Thirsting for More

One day, about noon, a nameless woman–known only by her ethnicity and her marital status–came to draw water from a well, becoming the antagonist in one of the most beloved stories in the gospels. We don’t know much about her except that she had an encounter with Jesus that changed–and continues to change–countless lives.

In John 4:4 we see that Jesus “had to go through Samaria” on his way back home to Galilee, from Judea. John Piper writes “It was possible to go to Galilee in a roundabout way, which some Jews did because they thought the Samaritans were unclean.” But it seems like Jesus didn’t want to go out of his way. He wanted to meet this woman.

At noon–the sixth hour–there’s no one at the well except for Jesus and this woman. This Jewish man asks for water, much to the surprise of this Samaritan woman. Jesus responds to her surprise at this cross-cultural communication by offering her “living water.” She banters with him, and Jesus still offers her the water. She seems to grow serious and  replies “Sir, give me this water so that I won’t get thirsty and have to keep coming here to draw water.”

Courtesy of Patrick Luckow (https://www.flickr.com/photos/phatpat/)

Courtesy of Patrick Luckow (https://www.flickr.com/photos/phatpat/)

Jesus counters with “Go, call your husband and come back,” prompting her to admit that she doesn’t have a husband. Jesus then reveals that he knows all about her five past husbands and the man with whom she currently lived.

We don’t know much about the circumstances that caused this woman to have five husbands. It’s easy to slut-shame this woman and point out her failures: “Five husbands, huh? She must really be a man-eater.” This commentary hints that while her many divorces reflect on her character, she may also have been a victim of loose divorce laws, in which a man could divorce his wife for burning his dinner. What we do know is that this woman has experienced a great deal of pain, disappointment, and shame. She is thirsting for something and can never quite get it. She is like the water jar she brings to the well, never able to remain full.

Though I am now what my friends and I jokingly refer to as a “professional church lady” I didn’t come to faith until nine years ago, when I was almost 26. And though I grew up in a Christian home–both of my parents are pastors–I struggled to believe in Jesus. I never felt like I could be the kind of Christian that the church expects. I’ve always had a strong non-conformist streak, I feel and live my life deeply, and I’m not docile or passive. Christianity always seemed too thin to be grasped or believed in, its living water just never seemed to be enough.

I spent a lot of years digging my own wells and cisterns, looking for water that was more alive than what I saw in church. I made a lot of bad decisions. My life felt increasingly like a wasteland. All of the sources from which I would draw–professional success and satisfaction, relational success and satisfaction–ran out at some point. They were never enough.

I had a breakup that left me broken and I found myself sitting in the auditorium at Hunter College, praying before the 5:45pm service at the church I was attending, because I had gotten there early. Like that Samaritan woman, Jesus came and talked to me. My life has never been the same.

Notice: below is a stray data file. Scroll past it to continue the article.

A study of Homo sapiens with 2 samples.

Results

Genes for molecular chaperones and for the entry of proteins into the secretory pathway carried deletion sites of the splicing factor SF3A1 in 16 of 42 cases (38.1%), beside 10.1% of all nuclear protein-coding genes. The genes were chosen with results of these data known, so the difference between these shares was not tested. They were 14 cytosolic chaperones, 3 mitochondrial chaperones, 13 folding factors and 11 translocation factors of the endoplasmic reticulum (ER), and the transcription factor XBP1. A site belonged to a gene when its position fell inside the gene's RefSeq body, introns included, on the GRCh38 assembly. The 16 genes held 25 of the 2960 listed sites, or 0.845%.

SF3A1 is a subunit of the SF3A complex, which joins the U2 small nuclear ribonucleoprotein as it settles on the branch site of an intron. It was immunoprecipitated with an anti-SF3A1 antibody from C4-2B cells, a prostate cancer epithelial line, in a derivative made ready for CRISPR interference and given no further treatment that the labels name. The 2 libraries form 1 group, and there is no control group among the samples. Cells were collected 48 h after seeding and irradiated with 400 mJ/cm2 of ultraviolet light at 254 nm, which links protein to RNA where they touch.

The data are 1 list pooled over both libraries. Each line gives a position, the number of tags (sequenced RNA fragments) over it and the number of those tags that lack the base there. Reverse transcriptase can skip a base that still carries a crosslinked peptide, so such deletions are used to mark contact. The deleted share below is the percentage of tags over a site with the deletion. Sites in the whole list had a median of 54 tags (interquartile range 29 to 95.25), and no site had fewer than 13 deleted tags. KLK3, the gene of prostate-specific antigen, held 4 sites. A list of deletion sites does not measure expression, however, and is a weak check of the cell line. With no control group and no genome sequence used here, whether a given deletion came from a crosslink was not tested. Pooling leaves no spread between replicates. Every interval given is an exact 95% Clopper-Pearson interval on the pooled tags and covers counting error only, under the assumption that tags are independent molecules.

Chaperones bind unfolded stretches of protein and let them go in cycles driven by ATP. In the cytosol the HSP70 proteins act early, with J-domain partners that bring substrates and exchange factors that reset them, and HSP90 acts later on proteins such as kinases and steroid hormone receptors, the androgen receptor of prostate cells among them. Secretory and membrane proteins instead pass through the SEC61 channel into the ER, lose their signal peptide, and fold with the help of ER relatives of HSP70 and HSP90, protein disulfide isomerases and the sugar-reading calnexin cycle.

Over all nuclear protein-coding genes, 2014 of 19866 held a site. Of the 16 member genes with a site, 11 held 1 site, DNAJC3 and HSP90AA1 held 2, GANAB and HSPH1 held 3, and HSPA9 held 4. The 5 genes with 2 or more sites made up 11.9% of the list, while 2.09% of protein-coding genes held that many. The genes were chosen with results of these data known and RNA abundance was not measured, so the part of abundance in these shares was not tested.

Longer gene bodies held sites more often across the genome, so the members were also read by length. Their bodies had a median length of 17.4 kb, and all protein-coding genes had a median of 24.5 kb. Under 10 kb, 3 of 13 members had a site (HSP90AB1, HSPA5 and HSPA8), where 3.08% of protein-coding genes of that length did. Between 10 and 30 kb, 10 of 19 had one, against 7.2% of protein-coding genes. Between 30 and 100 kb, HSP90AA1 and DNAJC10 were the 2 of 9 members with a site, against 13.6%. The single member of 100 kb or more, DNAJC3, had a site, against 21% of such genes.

At some point in the story, Jesus’ disciples return with the food they had bought in the town. The woman leaves her water jar and goes to the village saying “Come, see a man who told me everything I ever did. Could this be the Christ?” Much emphasis is on her evangelism, which is incredibly successful. Later on in the chapter we read that, because of her testimony, many put their faith in Jesus.

It’s significant that she is able to tell people about Jesus after she first leaves her jar. She leaves the empty vessel with Jesus. In some way, she is trusting that symbol of her thirst to Jesus because she knows that he is what she’s been looking for. He is the source of living water and that enables her to share the gospel.

I’ll admit that in my nine years of following Jesus, it’s been hard to leave my own figurative water jar with him. Even though I believe that Jesus is the Messiah, that he is enough to slake my deepest thirst, I sometimes want to hold on to my emptiness. Just in case, you know? What if it isn’t enough?

Fast forward in the story of Jesus’ life to another day, also around noon, the sixth hour. He is in the last moments of his life, nailed to a cross and he once again asks for a drink. He is offered vinegar instead of water, drinks it and then says “it is finished” and dies. In these last minutes of his death, Jesus makes a trade, taking all of the bitterness, all that can’t satisfy, replacing them with living water. Here at the cross, a place of death, we are invited to offer ourselves and watch how God makes it a place of life.

Come and see this man who told me everything I ever did and taste and see for yourself if he is the Christ.

This piece originally appeared in Grace Meridian Hill’s Bearing God’s Image blog series.

Written by Juliet Vedral

Juliet Vedral

Juliet is the founder and editor of Perissos. She is the former Director of Outreach for Redeemer Presbyterian Church, a graduate of the Shalem Institute’s Young Adult Life and Leadership Initiative (YALLI) and currently works at a global non-profit organization. Juliet is also a contributor to Sojourners. You can sometimes find her on Twitter when there’s not much happening on Facebook.

About Juliet Vedral

Juliet is the founder and editor of Perissos. She is the former Director of Outreach for Redeemer Presbyterian Church, a graduate of the Shalem Institute’s Young Adult Life and Leadership Initiative (YALLI) and currently works at a global non-profit organization. Juliet is also a contributor to Sojourners. You can sometimes find her on Twitter when there’s not much happening on Facebook.